August 27, 2010
Sometimes it is the simpler things that inspire me. When it comes to retail design, I have always embraced a “less is more” philosophy. There is something to love about a clean, white box—pure minimalism. However, recently while attending a wedding at the Blue Dress Barn in Michigan, I found myself pondering the question—maybe it is not always modern minimalism that is more, but that simplicity can be more as well. Take for example the Blue Dress Barn, a restored dairy barn in which every detail was understated, yet rich in craft, authenticity and experience.
The coat rack had a clever, inviting sign. The soffit above the bar was constructed from old turned wood pieces and the table setting was mere objects one could find around the house. The simplicity of the environment allowed everyone to embrace the experience of the ceremony.
Great retail brands, such as Anthropologie and Timberland have been embracing simplicity in the familiar and the found object for years, allowing the consumer to make that personal connection with the brand. This past winter’s Nau pop-up shop in NYC combined found objects and readily available materials to create an engaging shopping experience and a deeper connection with the brand all within a short store lifespan.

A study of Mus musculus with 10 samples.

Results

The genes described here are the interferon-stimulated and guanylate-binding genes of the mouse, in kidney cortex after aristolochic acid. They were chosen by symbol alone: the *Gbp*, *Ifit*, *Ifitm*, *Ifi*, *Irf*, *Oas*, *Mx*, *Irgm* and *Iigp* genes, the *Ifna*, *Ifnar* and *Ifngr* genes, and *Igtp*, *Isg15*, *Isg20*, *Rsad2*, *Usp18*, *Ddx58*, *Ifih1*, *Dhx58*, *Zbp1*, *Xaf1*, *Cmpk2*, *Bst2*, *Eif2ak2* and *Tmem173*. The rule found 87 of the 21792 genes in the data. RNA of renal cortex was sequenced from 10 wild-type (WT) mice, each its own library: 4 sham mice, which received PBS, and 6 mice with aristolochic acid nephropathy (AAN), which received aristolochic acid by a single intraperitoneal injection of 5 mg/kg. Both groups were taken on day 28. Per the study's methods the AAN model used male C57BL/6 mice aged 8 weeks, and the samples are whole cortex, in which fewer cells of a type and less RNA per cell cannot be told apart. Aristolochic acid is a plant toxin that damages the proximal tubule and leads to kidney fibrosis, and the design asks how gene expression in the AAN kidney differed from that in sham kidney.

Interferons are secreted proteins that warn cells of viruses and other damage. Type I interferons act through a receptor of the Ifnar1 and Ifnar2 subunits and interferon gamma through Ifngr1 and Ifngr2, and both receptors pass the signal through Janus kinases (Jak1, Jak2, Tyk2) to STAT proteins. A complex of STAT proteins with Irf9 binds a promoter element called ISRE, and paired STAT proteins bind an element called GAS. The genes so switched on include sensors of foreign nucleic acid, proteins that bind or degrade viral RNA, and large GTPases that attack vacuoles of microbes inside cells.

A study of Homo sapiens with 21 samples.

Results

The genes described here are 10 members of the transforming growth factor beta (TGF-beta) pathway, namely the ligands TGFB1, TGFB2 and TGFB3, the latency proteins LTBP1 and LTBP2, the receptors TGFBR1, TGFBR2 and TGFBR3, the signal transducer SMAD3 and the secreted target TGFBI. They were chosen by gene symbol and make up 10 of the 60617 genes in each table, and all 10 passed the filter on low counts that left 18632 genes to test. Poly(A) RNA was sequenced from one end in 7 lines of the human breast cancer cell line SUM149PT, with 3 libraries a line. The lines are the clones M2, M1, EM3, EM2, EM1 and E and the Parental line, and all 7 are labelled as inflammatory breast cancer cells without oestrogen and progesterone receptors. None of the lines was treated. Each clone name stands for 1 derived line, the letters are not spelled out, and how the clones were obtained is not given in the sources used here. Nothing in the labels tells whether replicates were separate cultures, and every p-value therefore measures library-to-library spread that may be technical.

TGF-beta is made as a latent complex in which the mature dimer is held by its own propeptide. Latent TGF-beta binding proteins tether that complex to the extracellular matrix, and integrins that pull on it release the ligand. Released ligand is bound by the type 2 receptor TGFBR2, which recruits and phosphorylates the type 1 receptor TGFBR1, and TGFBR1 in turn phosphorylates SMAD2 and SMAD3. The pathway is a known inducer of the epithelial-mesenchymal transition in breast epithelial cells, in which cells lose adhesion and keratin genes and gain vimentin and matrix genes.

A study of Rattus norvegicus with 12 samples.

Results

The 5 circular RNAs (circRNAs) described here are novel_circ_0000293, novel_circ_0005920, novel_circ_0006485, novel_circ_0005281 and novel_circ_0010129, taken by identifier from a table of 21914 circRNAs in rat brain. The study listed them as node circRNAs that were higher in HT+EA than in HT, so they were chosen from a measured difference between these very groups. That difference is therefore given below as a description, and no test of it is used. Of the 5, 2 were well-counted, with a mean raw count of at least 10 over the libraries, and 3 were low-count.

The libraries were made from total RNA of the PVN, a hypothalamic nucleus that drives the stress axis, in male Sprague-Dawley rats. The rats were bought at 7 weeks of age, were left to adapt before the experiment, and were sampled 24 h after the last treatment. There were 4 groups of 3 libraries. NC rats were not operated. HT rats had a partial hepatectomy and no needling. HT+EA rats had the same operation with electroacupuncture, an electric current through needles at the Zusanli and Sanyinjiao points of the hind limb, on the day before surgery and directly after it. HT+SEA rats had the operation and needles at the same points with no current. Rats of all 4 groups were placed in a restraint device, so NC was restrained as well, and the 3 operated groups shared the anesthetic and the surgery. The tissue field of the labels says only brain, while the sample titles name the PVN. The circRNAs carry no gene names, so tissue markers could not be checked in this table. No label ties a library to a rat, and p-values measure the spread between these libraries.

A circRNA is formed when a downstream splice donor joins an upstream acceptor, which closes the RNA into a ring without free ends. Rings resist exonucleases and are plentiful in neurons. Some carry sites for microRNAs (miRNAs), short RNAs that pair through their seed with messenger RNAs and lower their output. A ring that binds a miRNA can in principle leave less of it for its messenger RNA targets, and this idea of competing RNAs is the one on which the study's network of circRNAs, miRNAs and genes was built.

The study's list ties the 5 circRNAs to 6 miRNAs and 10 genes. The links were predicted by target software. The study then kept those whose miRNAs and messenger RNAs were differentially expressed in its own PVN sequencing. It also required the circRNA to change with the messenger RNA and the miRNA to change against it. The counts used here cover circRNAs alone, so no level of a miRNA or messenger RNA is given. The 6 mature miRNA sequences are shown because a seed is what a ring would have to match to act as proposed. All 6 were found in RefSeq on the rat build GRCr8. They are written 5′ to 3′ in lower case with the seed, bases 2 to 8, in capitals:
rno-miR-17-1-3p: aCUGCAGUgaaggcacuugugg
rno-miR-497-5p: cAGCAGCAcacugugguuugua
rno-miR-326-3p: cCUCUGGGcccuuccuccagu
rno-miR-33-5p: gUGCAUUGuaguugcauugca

It is an interesting paradox that in this technology driven, yet fiscally responsible time, the simple and familiar may be a standing trend. I found it timely after attending this “wedding in a barn”, that the WWD issue that arrived the following Tuesday (August 17th) had an excerpt entitled: “Fall’s Color: Harvest”. The article states that “consumers are being economical when it comes to the colors they wear, sticking with similar shades from one season to the next so as not to have to overhaul their wardrobes…We (WWD) are also seeing an interest in simplified living. As a society, we’re being forced to look inward…This translates to an appreciation for colors achieved through a more natural process….carrot orange, brick red, and golden yellow.”
Fall 2010’s forecasted colors seem simple, approachable and warm….much like the Blue Dress Barn experience. If some consumers, like myself, find themselves searching for simplicity and authenticity in these current economic times will retail follow suit?